Runway news: Such eye-catchers

Los Angeles Times Fashion Critic

Designer merry go round

Stefano Pilati was out at Yves Saint Laurent and in at Ermenegildo Zegna. Versus, Azzaro and Vionnet lost their designers, and Jil Sander was back in at Jil Sander, after Raf Simons left that label for Dior. Nicolas Ghesquière exited Balenciaga, the house he helped relaunch practically from the ashes after he took the helm as creative director in 1997. Less than a month later, Alexander Wang was named to replace him. Betsey Johnson went out of business in April — and now is reinventing herself under new parent company Steve Madden. (A yearlong whirlwind)


The scenery at runway shows now rivals that of Hollywood blockbuster productions. In 2010, Karl Lagerfeld set the bar high when he brought in a 265-ton iceberg from Sweden to use as a set for his Chanel runway show at Paris’ Grand Palais. Since then, it seems as if designers have been trying to top that stunt (Lagerfeld included). In January, the pony-tailed designer built a life-size airplane to house his Chanel couture show in Paris. And in March, Louis Vuitton’s Marc Jacobs countered with an $8-million steam train that rolled into a tent in front of Paris’ Louvre. In September, Kaiser Karl was at it again, with an installation of 13 wind turbines that Jacobs quickly topped with a four-escalator, site-specific installation by French conceptual artist Daniel Buren, which created a graphic — and, dare we say, quite moving — fashion spectacle. (January, March, October)


Pop inspiration

Jean Paul Gaultier’s couture collection, inspired by the recently deceased Amy Winehouse, came down the runway too soon — January — for still-grieving fans and family. Gaultier continued to mine the pop music theme with his ready-to-wear show in October, an ode to 1980s juke box heroes complete with models decked out like Madonna, Grace Jones and other music stars. (January and October)

English remix

For New York Fashion Week’s resident patrician, Ralph Lauren, “Downton Abbey"-as-inspiration was a natural. Not only was the designer’s fall 2012 collection inspired by the hit drama, Lauren signed on as national corporate sponsor for the long-running “Masterpiece” series. (February)


Juicy sequel

Pamela Skaist-Levy and Gela Nash-Taylor, who brought the world the Juicy Couture velour tracksuit, debuted their new collection Skaist Taylor, which they described as “California eccentric,” in a garage underneath Lincoln Center at New York Fashion Week. (February)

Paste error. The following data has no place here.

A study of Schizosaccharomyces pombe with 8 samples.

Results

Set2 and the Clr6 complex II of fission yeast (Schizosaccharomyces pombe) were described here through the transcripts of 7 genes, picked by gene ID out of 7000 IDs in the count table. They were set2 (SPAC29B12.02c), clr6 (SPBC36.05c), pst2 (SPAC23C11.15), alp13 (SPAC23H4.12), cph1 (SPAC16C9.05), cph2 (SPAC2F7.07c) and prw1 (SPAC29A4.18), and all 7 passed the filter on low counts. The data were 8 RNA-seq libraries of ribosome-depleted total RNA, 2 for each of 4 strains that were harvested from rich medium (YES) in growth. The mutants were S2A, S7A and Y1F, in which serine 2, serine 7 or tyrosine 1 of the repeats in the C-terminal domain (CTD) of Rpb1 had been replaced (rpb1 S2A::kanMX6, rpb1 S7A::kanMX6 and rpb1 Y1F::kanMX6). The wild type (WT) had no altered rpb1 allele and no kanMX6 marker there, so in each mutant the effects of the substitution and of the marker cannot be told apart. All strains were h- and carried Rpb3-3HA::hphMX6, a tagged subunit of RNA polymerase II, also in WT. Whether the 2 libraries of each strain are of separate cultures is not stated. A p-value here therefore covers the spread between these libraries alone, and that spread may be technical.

Eye candy

Celebrities are all-important for attracting attention nowadays. Say what you will about Kanye West and Kim Kardashian — and goodness knows we’ve all said something — but there’s no denying that the two are one of the world’s most fashion-conscious couples. Both have done design work or at least lent their name to fashion lines, and they made front-row appearances at runway shows throughout the year. West seems content to be sitting on the sidelines for now, having scaled back his ambitions to be a designer himself. Although he showed his collection on the Paris runways in March to an audience that included Anna Wintour and the Olsen twins, West did not stage a repeat performance in September. (March, September)

Life after Cruise

Katie Holmes tried to move beyond her divorce from Tom Cruise by unveiling her Holmes & Yang collection at New York Fashion Week for the first time. Co-created with stylist Jeanne Yang, the collection was about elevating casual dress. (September)

Virtual runway

Google co-founder Sergey Brin walked the runway with designer Diane von Furstenberg, using the platform to launch Glass by Google, a head-mounted, augmented reality technology. (September)


Runway revenge

Hollywood wife Liberty Ross walked tall on the runway at Alexander Wang’s high-profile New York Fashion Week show, proving to her wandering husband, director Rupert Sanders, actress Kristen Stewart (with whom he had his fling) and a universe of scandal-gawkers that there’s life after infidelity. Intrigue with the mess continued the following month, when the chastened Stewart attended the Balenciaga runway show in Paris, as the new face of the house’s Florabotanica perfume. (September and October)

The slap heard ‘round the world

When New York Fire Marshals ordered the removal of 60 seats at the Zac Posen runway show, tensions were running high. So high, in fact, that while Lynn Tesoro, the co-founder of Posen’s PR firm HL Group, was trying to reorganize the seating arrangement, she was slapped by Jennifer Eymere, Jalouse Magazine’s fashion editor. Tesoro has since filed a $1-million suit against Eymere, her sister and mother (who were allegedly also involved in the altercation). (September)

Battle for the future of French fashion

This year’s October Paris Fashion Week saw ready-to-wear debuts at two storied French fashion houses, Raf Simons for Dior and Hedi Slimane for Yves Saint Laurent. And the two designers’ approaches couldn’t have been more different. Simons rewrote the codes of French design for a new generation with a collection that was all about color, movement, lightness and legs. And Slimane paid homage to Saint Laurent’s rich hippie look with a collection that was more like a greatest-hits album than a revolutionary new sound. (October)

Never-ending runway

A new Guinness World Record was set in Hong Kong for the longest runway: two miles. The show, a collaboration between the Danish Fashion Institute and the Hong Kong Designer’s Assn., featured 346 models who had to walk 45 minutes to complete the trek down the pink catwalk next to Victoria Harbour. (December)


Michael Darling contributed to this report.